Understanding PID Control: A Presentation

I made a slideshow for my team covering the basics of PID Control. I’m posting it here in case anyone in the community finds it helpful, as kind of a sequel to The Complete FRC Git Tutorial.

The PDF (pid_presentation.pdf) is meant to be used as a presentation, so it has a bunch of overlays that might make it annoying to read. I have attached also an overlay-free version (pid_handout.pdf) that might be more suitable for use outside of presentations.

This presentation was made in LaTeX with Beamer. I’ve also attached the TeX sources in a zip if anyone is interested.

pid_presentation.pdf (168.1 KB)
pid_handout.pdf (121.2 KB)
pid_sources.zip (9.9 KB)


Here’s some things I would suggest:

  1. Your presentation is almost all words, with the few pictures being quite technically. Adding some video and photos will make it more accessible to students of different learning styles.

  2. You get technical fast. Consider taking more time to explain what motives the material. There are lots of students that could understand the concepts behind a PID, and would benefit from it, but would be completely lost once you start introducing such rigorous explanations.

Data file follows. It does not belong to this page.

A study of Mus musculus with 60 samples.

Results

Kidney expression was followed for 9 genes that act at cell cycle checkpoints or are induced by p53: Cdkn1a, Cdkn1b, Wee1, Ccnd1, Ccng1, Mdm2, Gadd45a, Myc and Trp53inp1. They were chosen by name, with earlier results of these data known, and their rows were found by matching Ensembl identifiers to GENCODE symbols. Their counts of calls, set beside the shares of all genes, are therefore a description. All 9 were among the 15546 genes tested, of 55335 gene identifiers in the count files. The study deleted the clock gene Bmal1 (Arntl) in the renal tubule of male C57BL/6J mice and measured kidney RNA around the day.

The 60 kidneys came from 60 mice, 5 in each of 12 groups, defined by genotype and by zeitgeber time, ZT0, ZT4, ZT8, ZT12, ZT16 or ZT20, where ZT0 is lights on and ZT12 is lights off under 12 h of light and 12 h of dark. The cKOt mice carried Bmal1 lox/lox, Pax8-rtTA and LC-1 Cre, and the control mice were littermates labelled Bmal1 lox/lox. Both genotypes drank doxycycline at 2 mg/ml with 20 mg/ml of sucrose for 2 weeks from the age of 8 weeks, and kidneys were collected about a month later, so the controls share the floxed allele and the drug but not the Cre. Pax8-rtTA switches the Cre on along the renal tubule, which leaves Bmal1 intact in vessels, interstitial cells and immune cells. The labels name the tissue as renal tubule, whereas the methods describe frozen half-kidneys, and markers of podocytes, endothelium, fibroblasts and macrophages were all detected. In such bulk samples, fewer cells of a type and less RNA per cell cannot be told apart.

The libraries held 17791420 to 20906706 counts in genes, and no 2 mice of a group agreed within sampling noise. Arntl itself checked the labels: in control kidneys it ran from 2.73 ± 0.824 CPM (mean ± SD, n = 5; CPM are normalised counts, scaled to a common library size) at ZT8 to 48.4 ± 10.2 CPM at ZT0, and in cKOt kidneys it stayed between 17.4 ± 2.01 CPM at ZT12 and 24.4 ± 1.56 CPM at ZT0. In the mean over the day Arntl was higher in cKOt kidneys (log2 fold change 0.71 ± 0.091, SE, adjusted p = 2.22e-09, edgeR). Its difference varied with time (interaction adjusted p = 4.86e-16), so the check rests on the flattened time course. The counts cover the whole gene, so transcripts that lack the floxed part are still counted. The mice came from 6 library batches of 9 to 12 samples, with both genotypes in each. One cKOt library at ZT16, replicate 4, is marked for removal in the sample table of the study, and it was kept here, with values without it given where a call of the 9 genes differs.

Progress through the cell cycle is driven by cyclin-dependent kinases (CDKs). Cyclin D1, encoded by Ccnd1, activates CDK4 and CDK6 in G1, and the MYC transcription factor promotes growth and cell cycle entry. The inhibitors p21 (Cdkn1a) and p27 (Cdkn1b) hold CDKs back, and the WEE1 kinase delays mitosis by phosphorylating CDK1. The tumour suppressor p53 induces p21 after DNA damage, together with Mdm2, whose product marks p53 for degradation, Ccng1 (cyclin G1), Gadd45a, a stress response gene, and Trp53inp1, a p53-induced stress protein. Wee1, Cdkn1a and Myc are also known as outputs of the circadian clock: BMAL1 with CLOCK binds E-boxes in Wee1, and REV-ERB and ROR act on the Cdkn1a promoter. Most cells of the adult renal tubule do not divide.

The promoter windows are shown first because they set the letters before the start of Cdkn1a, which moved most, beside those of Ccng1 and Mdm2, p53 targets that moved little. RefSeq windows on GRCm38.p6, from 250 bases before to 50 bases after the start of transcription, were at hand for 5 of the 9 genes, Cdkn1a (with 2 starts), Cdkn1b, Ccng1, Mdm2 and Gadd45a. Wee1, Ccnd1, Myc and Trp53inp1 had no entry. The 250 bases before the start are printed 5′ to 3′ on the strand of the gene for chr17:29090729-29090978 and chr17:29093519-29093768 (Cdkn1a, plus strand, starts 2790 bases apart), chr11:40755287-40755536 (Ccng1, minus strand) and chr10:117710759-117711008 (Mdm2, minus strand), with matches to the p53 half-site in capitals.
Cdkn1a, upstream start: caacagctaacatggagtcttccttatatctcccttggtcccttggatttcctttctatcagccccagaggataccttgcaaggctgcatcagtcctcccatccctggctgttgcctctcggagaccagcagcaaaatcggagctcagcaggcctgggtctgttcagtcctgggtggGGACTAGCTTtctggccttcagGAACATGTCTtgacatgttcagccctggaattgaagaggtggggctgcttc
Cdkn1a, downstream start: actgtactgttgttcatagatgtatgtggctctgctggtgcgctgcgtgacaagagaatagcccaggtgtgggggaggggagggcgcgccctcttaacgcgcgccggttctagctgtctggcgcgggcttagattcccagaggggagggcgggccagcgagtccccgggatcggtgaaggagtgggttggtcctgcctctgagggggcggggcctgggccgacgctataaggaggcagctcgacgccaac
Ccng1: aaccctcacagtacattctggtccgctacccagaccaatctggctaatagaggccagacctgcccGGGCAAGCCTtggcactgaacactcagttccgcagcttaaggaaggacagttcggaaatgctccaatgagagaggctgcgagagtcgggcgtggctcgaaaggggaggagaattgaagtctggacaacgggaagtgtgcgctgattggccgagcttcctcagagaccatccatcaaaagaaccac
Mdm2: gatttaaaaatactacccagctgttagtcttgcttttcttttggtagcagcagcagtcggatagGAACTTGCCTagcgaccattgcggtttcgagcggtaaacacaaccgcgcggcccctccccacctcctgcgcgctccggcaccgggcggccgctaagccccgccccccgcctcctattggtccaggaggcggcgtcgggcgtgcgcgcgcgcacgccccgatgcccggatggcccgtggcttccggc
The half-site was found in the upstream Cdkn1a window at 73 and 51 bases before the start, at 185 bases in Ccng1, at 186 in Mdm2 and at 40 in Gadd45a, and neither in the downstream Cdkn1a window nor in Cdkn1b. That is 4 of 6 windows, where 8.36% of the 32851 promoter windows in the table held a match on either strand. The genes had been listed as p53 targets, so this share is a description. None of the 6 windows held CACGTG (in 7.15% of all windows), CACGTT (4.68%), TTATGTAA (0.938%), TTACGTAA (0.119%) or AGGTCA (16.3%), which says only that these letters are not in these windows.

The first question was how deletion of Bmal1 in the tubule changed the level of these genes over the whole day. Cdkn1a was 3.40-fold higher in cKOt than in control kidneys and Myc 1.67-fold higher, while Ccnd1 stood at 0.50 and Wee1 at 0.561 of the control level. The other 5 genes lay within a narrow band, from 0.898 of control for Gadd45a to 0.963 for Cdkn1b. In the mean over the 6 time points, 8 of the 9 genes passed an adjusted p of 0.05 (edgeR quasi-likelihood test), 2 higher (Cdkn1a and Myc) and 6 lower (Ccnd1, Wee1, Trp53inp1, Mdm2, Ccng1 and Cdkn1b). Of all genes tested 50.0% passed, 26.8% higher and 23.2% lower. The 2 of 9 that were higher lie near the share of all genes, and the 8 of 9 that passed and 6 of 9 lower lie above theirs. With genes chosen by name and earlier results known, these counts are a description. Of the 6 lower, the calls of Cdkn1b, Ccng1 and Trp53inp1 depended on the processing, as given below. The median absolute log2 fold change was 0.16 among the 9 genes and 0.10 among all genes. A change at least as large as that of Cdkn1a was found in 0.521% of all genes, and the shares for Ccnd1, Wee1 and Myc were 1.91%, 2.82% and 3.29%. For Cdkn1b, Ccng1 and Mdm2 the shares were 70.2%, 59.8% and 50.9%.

3. Your code example is a really nice addition, but since this is aimed for FRC students, I think you should also include code examples from wpilib and/or CTRE. There are a lot of plug and play options for PID that are going to lead to a higher reward/work ratio. If a rookie team stumbled onto this documention, I think it’s important for them to know what options are out there.

It’s really looking great! I’m glad you made it, super cool resource.

To be fair, it does explicitly say

And frankly, I think going through a basic implementation of a PID controller is the right way to go in a presentation called “Understanding PID Control”. If it was “How to Get PID Running Quickly Without Understanding It”, then yeah, jumping straight to the preexisting libraries would be appropriate.


I full heartedly agree that all the other material should exist to fully understand the PID, but we still need to have the standard method of implementing PID’s present. It’s a dangerous precedent to stray far from well established libraries. In most cases its more prone to errors and it will be harder for the community to help.

I’ll teach my kids HSL vs HSV, how to create vision pipelines, and how retro-reflective tape works, but we are still using a limelight. Why? Because the reward/work ratio is so much higher than writing our own.

Using the pre-build libraries is more representative of the real world. I’m not going to re-write all of tensor flow just so I can understand it a little better. I wish someone had taught me how to read documentation and implement other people’s code.